Translink partners with Met Office to keep leaf fall predictions on track!!

Posted: 5 November 2012 | | No comments yet

In 2011, Translink NI Railways partnered with the Met office for the first time to receive regular updates and forecasts on leaf fall…


The leaf fall predictor tool was developed in the late 1990s by the Met Office in order to help transport organizations manage their services between early Autumn and Winter. The predictor is based on average leaf fall for a particular time of year and is calculated on a daily basis, taking into account factors such as the previous and current day’s weather. It also examines previous weather patterns and calculates how this may affect future fall. For example, in the days following strong winds, leaf fall will be reduced as loose leaves will have been removed. Conversely, following a period of calm weather and cool nights, the potential for greater fall will increase.

Leaf fall prediction, based on a red, amber and green system is issued to NI Railways Operations team by the Met Office every Monday, Wednesday and Friday to Translink. During peak season, which beings this year on October 22nd this year, reports are issued every day. This allows the operations team publish an adhesion forecast to Train Drivers so they are forewarned of the level of adhesion risk and likelihood of experiencing slippery conditions. Drivers can then adjust their driving technique to avoid wheel slippage and incident. The service also helps us predict when we need to treat the rail head by water jetting and applying Sandite rail adhesive for maximum effect.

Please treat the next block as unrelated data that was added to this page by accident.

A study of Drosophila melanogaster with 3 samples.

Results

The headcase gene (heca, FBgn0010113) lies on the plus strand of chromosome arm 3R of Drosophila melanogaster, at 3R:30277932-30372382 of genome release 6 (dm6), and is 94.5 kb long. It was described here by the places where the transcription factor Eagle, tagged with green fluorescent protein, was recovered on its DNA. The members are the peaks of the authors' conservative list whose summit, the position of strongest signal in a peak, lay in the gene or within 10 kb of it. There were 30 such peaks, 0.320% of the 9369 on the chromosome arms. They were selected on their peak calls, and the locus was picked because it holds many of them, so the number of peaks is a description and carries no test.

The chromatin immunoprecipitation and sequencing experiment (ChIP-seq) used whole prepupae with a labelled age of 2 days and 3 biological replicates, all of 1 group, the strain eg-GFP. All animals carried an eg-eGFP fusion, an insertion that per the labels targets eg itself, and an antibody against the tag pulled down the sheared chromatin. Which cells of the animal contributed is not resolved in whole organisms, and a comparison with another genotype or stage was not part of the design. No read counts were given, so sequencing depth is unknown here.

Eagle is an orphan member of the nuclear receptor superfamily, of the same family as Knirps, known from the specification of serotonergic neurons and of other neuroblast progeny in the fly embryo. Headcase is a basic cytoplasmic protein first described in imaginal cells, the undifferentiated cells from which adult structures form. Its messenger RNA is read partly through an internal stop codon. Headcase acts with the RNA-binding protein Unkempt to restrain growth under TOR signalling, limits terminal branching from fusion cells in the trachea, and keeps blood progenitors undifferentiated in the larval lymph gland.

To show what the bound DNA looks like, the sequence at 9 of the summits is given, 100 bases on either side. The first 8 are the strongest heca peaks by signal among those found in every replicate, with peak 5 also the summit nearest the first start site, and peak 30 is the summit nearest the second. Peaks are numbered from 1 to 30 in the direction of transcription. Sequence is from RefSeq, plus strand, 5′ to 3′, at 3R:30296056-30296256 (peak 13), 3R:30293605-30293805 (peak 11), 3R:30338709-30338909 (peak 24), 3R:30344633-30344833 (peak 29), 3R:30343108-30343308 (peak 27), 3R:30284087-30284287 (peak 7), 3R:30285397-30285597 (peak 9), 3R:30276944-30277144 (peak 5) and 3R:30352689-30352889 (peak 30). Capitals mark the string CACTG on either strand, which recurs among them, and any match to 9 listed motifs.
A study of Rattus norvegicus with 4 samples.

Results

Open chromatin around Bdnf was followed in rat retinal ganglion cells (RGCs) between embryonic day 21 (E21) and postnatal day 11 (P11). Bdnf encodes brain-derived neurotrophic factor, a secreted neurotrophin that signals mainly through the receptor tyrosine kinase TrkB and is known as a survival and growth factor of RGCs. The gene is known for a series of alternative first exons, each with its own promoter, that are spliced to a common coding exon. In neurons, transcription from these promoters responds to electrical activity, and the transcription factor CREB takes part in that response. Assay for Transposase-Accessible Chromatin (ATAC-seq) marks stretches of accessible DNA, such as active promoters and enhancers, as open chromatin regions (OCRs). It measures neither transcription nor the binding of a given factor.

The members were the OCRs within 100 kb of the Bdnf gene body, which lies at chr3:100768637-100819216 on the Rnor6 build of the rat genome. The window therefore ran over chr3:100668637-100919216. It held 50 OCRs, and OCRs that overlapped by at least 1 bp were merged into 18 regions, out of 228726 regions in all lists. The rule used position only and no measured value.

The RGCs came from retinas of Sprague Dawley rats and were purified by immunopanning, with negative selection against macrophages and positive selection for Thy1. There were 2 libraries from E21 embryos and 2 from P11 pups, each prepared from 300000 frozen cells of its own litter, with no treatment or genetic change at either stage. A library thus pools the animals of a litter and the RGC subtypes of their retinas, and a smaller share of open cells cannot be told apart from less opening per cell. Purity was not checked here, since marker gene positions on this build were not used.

Gary Cooley from Rail Operations at Translink explained, “We have been treating our lines by water jetting and with Sandite for the past month since leaf fall began and we are pleased with how the leaf fall predictor service from the Met Office has helped us to effectively plan and manage rail head maintenance and driving conditions and to raise driver awareness. To date this Autumn we have experienced only minor delays caused by leaves on the line resulting in wheel slip and service punctuality remains high for us and our passengers.”

Steve Smith, Senior Scientist with the Met Office Rural Environment Team said, “We provide the leaf fall predictor service to a number of rail services in the South East of England. The service allows customers to more effectively plan their services and to minimise the delays and service cancellations caused by wheel slip.”